Paradise Lost: The Child Murders at Robin Hood Hills is a documentary film about the trials of three teenage boys in West Memphis, Arkansas for the murder and sexual mutilation of three prepubescent boys. The boys on trial for the crime are fans of heavy metal music but seem to have little else in common aside from being misfits: Jesse Misskelly, a boy with an IQ of 72; Damien Wayne Echols, a teenager who was interested in joining the priesthood but also was interested in the writings of Aleister Crowley; and the generally taciturn Jason Baldwin.
After a twelve-hour interrogation, the last 45 minutes of which was taped, Misskelly testifies against his friends, stating that they caught the boys and killed them. The police use Misskelly's testimony to prosecute Misskelly, Echols, and Baldwin. The defense attorneys argue that the testimony was both coerced and guided, and contains many inaccuracies--for instance, Misskelly states that he and his friends killed the boys at noon, but at noon the boys weren't yet out of school.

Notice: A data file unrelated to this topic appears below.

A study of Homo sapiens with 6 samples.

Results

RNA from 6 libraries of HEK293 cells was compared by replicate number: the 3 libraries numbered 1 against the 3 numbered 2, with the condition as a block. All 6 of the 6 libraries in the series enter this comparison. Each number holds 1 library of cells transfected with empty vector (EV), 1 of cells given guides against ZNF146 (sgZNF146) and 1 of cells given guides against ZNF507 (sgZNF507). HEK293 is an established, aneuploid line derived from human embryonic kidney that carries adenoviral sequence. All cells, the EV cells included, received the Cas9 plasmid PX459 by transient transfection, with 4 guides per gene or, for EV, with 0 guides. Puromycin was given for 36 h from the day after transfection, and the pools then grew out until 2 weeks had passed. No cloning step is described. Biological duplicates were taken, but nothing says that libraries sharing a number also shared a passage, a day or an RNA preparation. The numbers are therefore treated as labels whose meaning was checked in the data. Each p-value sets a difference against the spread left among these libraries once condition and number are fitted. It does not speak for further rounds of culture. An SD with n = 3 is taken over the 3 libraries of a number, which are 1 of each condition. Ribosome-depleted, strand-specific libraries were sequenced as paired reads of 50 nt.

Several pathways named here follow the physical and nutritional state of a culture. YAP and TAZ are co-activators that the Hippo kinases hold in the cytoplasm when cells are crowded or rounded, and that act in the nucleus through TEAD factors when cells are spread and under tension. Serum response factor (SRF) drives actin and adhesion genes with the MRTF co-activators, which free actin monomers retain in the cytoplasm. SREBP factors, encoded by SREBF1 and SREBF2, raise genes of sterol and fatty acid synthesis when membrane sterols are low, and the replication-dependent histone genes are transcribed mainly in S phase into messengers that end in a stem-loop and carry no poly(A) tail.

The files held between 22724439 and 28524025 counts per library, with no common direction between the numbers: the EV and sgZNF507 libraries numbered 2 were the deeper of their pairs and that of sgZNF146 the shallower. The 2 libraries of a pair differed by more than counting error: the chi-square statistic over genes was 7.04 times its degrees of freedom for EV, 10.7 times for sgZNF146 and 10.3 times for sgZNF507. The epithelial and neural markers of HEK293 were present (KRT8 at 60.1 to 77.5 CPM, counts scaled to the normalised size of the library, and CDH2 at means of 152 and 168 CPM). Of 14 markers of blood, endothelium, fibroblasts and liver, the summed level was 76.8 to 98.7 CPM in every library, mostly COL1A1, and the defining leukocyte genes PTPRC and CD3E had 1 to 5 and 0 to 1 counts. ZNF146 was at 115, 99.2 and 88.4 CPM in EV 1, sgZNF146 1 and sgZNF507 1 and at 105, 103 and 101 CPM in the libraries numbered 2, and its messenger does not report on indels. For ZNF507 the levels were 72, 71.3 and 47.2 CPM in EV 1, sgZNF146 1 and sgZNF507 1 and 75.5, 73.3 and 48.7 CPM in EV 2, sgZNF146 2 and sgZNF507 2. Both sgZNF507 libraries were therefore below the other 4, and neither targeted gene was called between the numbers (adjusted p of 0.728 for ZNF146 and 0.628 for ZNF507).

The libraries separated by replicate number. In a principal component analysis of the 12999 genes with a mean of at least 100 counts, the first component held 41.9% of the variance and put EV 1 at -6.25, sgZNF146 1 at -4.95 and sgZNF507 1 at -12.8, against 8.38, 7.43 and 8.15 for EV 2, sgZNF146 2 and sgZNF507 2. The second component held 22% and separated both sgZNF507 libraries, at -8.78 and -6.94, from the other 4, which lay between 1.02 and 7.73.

During the course of the filming, Mark Byers, the father of one of the victims, gives the filmmakers a knife which has blood in the hinge. The filmmakers turn the knife over to police, who examine it; the DNA matches that of the boy but the evidence is nonetheless inconclusive since his father's DNA would be quite similar. Other evidence is lost. All three teenagers are convicted.
The film was followed by a sequel, Paradise Lost 2: Revelations, which suggests that further evidence was missed or suppressed, and attempts to prove Echols' innocence.